Aim of the project
The project investigates the dynamics of popular mobilization in Russia and the other post-Soviet countries and explores wider questions of national and sub-national democracy, authoritarianism, and geopolitical orientations in the post-Soviet space. The project is led by Tomila Lankina, Professor of Politics and International Relations at the LSE’s International Relations Department. At its various stages, the research received generous financial support from the British Academy; LSE Suntory and Toyota International Centres for Economics and Related Disciplines (STICERD); LSE Centre for International Studies (CIS); LSE Seed Corn Fund; LSE International Relations Department (IRD) Research Infrastructure Investment Fund (RIIF); LSE Ideas; and the LSE IRD Seed Corn Fund. Most recently, the British Academy has awarded Tomila Lankina a Mid-Career Fellowship (2015-2016) to analyse popular mobilization in the context of the Russia-Ukraine conflict. For this project, a laboratory has been set up to gather data on protest and to study the media’s role in driving or suppressing street discontent; and in furthering the political elite’s domestic and foreign policy objectives.
Project Leader: Professor Tomila Lankina, DPhil (T.Lankina@lse.ac.uk)
Tomila Lankina teaches Russian and Eurasian politics and foreign policy in the LSE’s International Relations Department. She holds a DPhil (PhD) from the University of Oxford (Balliol and St. Antony’s Colleges), and she has been a research fellow at Stanford University and at the Woodrow Wilson International Center for Scholars in Washington, DC. Her recent research has focused on comparative sub-national democracy and authoritarianism; on mass protests; and on historical patterns of human capital and democratic reproduction in Russia and other states. Her current research into protests and political mobilization in Russia and Ukraine is funded by a British Academy Mid-career Fellowship. She has published articles in World Politics, American Journal of Political Science, British Journal of Political Science, Comparative Political Studies, Post-Soviet Affairs, Problems of Post-Communism, Europe-Asia Studies, and other journals. She has also published two books: Governing the Locals: Local Self-Government and Ethnic Mobilization in Russia (Lanham: Rowman & Littlefield, 2006); and Local Governance in Central and Eastern Europe, co-authored with Anneke Hudalla and Hellmut Wollmann (Palgrave and University of Oxford St. Antony’s Series, 2008). She is also the Editorial Board member for the journals Russian Politics and Regional and Federal Studies.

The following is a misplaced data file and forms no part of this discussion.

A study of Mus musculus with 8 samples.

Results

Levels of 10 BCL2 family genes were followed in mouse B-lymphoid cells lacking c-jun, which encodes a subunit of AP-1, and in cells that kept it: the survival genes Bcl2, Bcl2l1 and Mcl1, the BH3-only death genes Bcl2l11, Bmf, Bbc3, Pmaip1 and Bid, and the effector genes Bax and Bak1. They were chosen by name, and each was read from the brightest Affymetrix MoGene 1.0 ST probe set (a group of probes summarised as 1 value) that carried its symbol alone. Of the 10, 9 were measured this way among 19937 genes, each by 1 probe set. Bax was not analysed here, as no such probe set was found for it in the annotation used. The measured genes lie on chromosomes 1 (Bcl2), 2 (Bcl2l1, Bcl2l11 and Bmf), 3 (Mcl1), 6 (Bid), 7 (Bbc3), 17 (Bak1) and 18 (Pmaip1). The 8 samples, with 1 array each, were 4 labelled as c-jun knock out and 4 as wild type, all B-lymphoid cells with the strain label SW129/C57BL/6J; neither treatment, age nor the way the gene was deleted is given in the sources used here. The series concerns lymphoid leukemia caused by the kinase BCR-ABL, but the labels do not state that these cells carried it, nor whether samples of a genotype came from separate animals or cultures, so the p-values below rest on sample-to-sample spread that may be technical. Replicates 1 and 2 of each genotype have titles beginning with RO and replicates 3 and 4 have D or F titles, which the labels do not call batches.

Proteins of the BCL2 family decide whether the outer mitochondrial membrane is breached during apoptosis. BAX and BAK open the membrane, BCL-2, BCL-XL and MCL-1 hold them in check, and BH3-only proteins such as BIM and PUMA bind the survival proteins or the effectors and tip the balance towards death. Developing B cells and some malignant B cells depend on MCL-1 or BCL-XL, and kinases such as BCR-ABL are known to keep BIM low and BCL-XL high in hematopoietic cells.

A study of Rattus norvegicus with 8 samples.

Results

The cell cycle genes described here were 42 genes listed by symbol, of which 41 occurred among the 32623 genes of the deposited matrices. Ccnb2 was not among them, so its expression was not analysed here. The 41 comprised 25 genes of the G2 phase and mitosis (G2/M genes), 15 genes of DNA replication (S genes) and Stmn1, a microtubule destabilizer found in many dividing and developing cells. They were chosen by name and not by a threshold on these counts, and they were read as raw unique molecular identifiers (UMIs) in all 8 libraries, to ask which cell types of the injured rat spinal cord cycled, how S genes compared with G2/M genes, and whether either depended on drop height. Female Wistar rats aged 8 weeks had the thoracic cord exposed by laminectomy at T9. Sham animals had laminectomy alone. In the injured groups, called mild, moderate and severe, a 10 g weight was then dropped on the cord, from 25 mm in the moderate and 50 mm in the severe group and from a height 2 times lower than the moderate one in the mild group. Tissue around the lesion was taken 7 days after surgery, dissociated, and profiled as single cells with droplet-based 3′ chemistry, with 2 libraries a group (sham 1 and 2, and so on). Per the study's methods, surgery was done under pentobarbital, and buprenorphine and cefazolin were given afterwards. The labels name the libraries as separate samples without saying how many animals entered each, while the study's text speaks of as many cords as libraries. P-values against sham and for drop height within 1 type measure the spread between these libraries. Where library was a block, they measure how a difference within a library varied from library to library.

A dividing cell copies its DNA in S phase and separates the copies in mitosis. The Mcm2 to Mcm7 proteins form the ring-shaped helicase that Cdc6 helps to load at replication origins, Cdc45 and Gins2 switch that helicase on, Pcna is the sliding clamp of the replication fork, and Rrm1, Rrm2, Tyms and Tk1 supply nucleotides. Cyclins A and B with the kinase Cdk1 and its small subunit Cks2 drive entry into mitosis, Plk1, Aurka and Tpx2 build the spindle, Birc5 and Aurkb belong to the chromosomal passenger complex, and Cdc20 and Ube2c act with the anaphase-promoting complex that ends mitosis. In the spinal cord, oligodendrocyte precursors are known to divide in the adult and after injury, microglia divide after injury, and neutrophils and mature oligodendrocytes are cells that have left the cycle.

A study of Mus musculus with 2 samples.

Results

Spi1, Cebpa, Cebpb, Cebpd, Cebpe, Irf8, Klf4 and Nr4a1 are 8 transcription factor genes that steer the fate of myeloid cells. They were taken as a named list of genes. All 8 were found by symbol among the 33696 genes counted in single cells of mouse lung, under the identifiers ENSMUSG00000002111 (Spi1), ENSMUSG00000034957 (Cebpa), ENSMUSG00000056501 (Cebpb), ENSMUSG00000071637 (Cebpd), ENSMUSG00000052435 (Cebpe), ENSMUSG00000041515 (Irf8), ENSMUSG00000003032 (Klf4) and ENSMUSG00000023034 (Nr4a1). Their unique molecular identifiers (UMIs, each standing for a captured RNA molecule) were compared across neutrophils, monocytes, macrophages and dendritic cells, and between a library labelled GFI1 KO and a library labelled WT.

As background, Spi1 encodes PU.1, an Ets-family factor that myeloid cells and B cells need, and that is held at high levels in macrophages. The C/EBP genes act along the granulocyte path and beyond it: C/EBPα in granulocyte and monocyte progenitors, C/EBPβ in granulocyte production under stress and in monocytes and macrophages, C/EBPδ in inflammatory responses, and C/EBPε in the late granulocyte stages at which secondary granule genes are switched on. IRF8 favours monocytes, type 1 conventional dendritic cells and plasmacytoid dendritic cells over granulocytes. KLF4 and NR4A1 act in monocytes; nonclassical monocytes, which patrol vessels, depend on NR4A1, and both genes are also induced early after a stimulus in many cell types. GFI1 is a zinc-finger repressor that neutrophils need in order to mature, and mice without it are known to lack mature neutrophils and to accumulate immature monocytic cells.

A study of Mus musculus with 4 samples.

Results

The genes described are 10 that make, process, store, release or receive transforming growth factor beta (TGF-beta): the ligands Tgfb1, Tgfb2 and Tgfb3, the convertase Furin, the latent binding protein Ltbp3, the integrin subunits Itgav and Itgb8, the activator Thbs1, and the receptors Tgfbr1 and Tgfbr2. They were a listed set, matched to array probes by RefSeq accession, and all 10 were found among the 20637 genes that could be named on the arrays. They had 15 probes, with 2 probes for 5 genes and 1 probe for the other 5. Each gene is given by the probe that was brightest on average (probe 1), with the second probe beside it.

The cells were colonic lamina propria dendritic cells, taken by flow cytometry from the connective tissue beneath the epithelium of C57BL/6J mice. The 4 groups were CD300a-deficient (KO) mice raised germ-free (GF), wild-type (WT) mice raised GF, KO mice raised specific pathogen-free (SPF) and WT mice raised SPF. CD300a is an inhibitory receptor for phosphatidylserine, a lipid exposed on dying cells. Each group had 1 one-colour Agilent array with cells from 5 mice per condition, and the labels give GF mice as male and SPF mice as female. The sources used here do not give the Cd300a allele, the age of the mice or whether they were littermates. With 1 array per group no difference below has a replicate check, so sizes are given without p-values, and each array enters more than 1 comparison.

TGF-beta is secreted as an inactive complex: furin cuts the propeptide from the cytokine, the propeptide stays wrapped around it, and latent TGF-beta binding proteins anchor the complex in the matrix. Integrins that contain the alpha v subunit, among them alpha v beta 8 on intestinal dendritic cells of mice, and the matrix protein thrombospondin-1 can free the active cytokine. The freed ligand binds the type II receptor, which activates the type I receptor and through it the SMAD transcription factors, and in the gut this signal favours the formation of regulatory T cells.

Kohei Watanabe (K.Watanabe1@lse.ac.uk)
Kohei Watanabe is a PhD candidate at the LSE’s Department of Methodology. He holds an MA in Political Science from the Central European University. His main research interest is measuring media biases using computerized text analysis methods. Kohei has developed an innovative technique for longitudinal media data analysis, which he has leveraged to produce a Russian media protest framing dataset. He also possesses advanced knowledge of online data collection techniques, and has put together a number of large media corpora for several other international projects. Further information about his latest research is available from his personal website, which can be accessed here Kohei Watanabe@LSE.
Dr Yulia Netesova (email@example.com)
Yulia Netesova holds a PhD in political science from the Moscow State Institute of International Affairs. Her dissertation, which she completed under the supervision of Yevgeny Primakov, analysed the correlation between the development of the doctrine of Jihad in the Muslim world and the activities of the radical segment of the Muslim communities in Europe. The book manuscript, based on Yulia’s doctoral research, will be published by the Russian publisher Ladomir. Currently, Yulia is a visiting research fellow with the Centre for International Studies (CIS) at LSE where is pursuing a research project “Russian Protest Movement in 2011-2012: The Interaction Between the Movement and The Russian State.” The project analyses the first phases of the Russian protest movement in 2011-2012 with the use of both qualitative (field interviews with representatives of the government and the political opposition) and quantitative methods (protest event analysis). Yulia also works as a journalist covering foreign affairs for Russia’s various independent news agencies.
Katerina Tertytchnaya (firstname.lastname@example.org)
Katerina Tertytchnaya is a DPhil (PhD) candidate in Comparative Politics at the University of Oxford (St Cross College). Her dissertation uses quantitative methods to study the stability of contemporary electoral authoritarian regimes, illustrating arguments with the case of Russia. Other research interests concern regional contentious politics and how policy interventions affect public support for non-democratic forms of government. Katerina holds an MPhil in Russian and Eastern European Studies from the University of Oxford (St Antony’s College).